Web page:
By Van Schoales
It’s been about nine months since kids started taking PARCC tests and one month since the state released some of the data on schools, and yet many families still do not have results for their kids. The data we do have is not disaggregated by student groups (a key tool for monitoring that all students are being educated equally), nor do we have enough data from the state to make definitive school by school comparisons.
What is up with that? While I know it is not true, it makes you wonder if this PARCC data rollout has been designed to undermine any effort to evaluate and improve public education by making it impossible for families, educators, policy makers, and the community to know how kids, schools and districts are doing. Wasn’t this supposed to help all of us have a better, not worse understanding of how kids and our schools are doing?
We have been pouring over the data to shed light on just that question. We look forward to sharing our analysis in several upcoming reports. The state was only just able to review our methodology last week because they are so understaffed for this work. Our hats go off to CDE’s Accountability Team for being able to dig through millions and millions of cells of PARCC data and make sense of them.
As a preview of our PARCC analysis, we can say there are school districts and schools throughout the front range making progress: in elementary reading we’re seeing progress in Denver, Sheridan, Adams 12, and Mapleton; in elementary math Denver, St. Vrain, Adams 12, and Jeffco are showing improvement. But again, with somewhat incomplete and, at times, totally unusable PARCC data released by the state, it is difficult to decipher what results we can access actually mean.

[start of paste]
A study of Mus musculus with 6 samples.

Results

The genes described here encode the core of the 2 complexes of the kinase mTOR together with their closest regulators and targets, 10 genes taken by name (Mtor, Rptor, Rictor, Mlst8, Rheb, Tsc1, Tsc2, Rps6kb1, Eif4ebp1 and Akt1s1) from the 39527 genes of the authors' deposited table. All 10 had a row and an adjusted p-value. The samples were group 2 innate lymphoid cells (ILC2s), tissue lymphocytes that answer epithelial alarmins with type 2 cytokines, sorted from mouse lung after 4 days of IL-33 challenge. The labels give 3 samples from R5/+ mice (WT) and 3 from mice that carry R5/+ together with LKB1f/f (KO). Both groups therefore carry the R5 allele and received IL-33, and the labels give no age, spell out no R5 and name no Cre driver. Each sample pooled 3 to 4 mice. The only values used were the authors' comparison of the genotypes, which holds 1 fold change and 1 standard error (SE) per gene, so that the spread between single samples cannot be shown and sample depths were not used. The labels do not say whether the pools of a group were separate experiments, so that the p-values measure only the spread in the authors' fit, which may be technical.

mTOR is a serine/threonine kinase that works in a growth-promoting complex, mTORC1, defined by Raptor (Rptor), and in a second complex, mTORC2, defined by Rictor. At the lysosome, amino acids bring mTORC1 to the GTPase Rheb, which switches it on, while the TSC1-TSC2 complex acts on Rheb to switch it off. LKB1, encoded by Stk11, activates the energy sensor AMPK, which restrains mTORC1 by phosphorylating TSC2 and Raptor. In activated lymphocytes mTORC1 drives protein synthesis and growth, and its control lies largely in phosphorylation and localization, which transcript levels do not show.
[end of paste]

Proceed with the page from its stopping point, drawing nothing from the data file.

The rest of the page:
As bad as things are in Colorado, it may be worse in other states where there has been little or no transparency regarding last year’s PARCC assessments. We recently discovered that New Jersey’s district and school scores were just released at the beginning of this month. Before that release even school leaders couldn’t access scores for other schools in the state.
One more reason to have some concerns are recent revelations that students that take the computer-based test do worse than students that take the paper/pencil test by significant margins (4-13 percentage points). By the way, this is not a unique problem, which makes you wonder why this is coming up now and why this was not discussed when selecting the PARCC test.
We are by no means suggesting that we abandon PARCC, a higher quality and more rigorous assessment than TCAP, but we do need to be more thoughtful about how it is administered, and how results are reported. And if these issues are not addressed ASAP, we may need to reassess. A+ has been a strong supporter from our start on high quality assessments tied to the Colorado Standards. PARCC can work, but there must be dramatic improvement on these fronts. The CO Department of Education, Pearson Education, and PARCC have had years to prepare for this. Let’s hope the results from this year’s tests (happening in a few months) are released before kids leave for the summer so that all of us have some sense of how our schools are doing.